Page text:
With the Theo Epstein compensation saga finally about done, it is time to evaluate where the Cubs are now vs. where they were prior to Epsteins hiring.
First, and foremost they have tremendous stability in their front office after spending the 2011 season with then-GM Jim Hendrys job status in doubt.
Adding Epstein as well as Jed Hoyer and Jason McLeod gives the Cubs a talented triumvirate that has a proven track record of success and should translate to major improvement for the Cubs.
A look at the major league team at the start of spring training is most definitely a cause for concern when you factor in the departures of some of the teams best offensive players from 2011 in Aramis Ramirez and Carlos Pena.
However, when you factor in the lackadaisical approach that Ramirez played with and Penas substandard numbers in certain key offensive categories (.175 average with runners in scoring position and .133 against left handed pitchers) you realize that the Cubs may not have lost as much as some people might want to believe.
The 2012 Cubs are a long way from being a contending team. However, they do have improved starting pitching depth, should be a better defensive team and are starting to incorporate younger players into the mix, which should help the rebuilding process.
They have several big question marks, starting with Alfonso Soriano in left field, Ian Stewart at third base and Bryan LaHair at first base. Can those three put up decent numbers?
How about the closers role? Is Carlos Marmol going to be the dominant force that he was prior to 2011? Or will he be the pitcher who imploded last season when he put up a 5.00 ERA in the second half of a 91-loss season?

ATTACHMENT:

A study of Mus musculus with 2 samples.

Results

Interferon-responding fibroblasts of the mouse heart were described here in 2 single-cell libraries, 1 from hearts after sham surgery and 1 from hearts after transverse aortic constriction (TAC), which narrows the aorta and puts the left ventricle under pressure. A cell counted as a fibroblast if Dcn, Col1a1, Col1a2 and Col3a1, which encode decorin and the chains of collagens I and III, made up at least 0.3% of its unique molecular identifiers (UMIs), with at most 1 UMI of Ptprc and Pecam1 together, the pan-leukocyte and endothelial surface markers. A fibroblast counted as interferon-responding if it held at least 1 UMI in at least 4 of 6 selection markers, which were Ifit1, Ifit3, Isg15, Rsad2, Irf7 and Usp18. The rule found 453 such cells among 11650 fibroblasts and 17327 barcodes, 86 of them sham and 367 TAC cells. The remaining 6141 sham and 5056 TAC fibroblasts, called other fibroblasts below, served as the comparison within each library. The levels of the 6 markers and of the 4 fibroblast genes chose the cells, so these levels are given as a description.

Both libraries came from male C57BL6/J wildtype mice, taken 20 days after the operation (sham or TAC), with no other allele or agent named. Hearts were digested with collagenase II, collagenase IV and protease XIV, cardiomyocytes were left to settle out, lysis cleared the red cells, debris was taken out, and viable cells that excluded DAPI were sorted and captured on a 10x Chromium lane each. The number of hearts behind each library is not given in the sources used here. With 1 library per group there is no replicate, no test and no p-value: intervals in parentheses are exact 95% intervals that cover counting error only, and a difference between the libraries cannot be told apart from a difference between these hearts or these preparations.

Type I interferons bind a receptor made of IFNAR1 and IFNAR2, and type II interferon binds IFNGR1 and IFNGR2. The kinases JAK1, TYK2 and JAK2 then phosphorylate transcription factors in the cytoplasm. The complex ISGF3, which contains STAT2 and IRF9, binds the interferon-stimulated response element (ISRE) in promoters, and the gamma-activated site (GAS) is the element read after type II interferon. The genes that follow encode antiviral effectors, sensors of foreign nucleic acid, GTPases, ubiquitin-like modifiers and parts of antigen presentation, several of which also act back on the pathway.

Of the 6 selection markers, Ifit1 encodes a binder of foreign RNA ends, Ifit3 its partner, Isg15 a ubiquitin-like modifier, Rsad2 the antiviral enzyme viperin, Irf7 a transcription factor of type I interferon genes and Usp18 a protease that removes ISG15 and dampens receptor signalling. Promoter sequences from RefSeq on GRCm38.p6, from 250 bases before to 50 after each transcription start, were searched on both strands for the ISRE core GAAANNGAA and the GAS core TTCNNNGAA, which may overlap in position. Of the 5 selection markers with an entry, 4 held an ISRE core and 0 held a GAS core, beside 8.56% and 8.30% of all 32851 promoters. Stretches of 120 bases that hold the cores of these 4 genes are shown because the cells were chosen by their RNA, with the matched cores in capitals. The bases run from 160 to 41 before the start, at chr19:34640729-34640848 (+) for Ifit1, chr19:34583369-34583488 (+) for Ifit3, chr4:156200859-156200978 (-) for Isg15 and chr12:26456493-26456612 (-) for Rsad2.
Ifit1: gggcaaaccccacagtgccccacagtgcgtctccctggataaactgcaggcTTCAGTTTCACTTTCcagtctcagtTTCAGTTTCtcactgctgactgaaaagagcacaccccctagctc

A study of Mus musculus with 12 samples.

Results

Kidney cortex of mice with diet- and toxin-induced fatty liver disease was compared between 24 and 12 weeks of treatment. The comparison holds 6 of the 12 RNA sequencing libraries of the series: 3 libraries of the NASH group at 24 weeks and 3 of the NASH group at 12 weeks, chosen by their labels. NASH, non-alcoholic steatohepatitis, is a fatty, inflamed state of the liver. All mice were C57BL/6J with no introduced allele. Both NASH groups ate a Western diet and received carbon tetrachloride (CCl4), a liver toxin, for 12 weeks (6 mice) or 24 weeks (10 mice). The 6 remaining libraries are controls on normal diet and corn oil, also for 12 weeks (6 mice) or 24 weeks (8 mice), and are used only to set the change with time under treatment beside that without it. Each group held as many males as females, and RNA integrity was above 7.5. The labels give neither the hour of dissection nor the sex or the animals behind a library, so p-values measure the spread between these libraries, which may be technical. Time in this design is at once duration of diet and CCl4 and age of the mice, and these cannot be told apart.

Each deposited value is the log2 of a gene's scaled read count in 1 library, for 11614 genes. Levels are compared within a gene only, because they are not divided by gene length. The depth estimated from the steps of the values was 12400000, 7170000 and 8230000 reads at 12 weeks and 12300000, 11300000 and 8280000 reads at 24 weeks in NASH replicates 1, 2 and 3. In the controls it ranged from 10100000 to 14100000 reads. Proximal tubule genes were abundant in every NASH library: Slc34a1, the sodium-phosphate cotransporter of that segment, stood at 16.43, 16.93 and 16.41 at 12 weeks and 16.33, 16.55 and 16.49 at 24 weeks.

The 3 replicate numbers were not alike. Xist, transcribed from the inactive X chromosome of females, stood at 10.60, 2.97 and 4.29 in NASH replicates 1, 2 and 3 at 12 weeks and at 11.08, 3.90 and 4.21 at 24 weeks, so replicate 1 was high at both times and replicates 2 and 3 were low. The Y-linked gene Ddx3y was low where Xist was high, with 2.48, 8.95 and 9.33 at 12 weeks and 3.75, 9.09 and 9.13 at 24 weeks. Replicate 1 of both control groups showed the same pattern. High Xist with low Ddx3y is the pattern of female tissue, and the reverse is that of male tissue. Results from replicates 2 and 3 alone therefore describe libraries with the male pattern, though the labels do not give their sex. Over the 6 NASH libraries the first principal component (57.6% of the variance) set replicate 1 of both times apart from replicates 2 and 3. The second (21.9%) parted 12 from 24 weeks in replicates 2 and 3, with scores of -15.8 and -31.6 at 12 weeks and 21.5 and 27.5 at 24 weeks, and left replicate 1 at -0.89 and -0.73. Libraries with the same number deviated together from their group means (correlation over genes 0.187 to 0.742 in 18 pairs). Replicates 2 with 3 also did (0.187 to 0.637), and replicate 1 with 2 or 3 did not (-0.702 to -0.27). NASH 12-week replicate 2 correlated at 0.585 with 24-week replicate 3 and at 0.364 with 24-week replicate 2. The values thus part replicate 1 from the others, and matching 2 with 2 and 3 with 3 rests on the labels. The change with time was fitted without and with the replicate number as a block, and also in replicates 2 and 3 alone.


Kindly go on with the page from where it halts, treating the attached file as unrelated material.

In addition, the Cubs' minor league system is better than it was a year ago. With the addition of a heralded 2011 draft class, several prospects obtained in trades -- including touted first baseman Anthony Rizzo who came over from San Diego in the Andrew Cashner deal -- and a revamped scouting department, good times could be ahead on the North side.
No matter how the 2012 season turns out, the Cubs have a much brighter future than they had a year ago at this time when they were hoping that underperforming veterans would play back to form and that they would catch lightning in a bottle with a very suspect starting rotation.
While no one is predicting greatness this season, most around the club believe that they will see a better result through improved efforts, improved defense and an infusion of optimism throughout the organization.
So when you look at what the Cubs gave up for Epstein, it really doesnt matter how Chris Carpenter performs in Boston. He is a talented reliever with an injury history and should he go to Beantown and become an All-Star it will still be a small price to pay for a front office team that is among baseballs best and have been charged with the mission of ending a 104-year period of losing.
Should Theo Epstein and Co. win a World Series on the North Side of Chicago it wont matter if Chris Carpenter wins the Cy Young Award. Everyone in Cubs Nation will be too busy wiping champagne from their eyes to notice.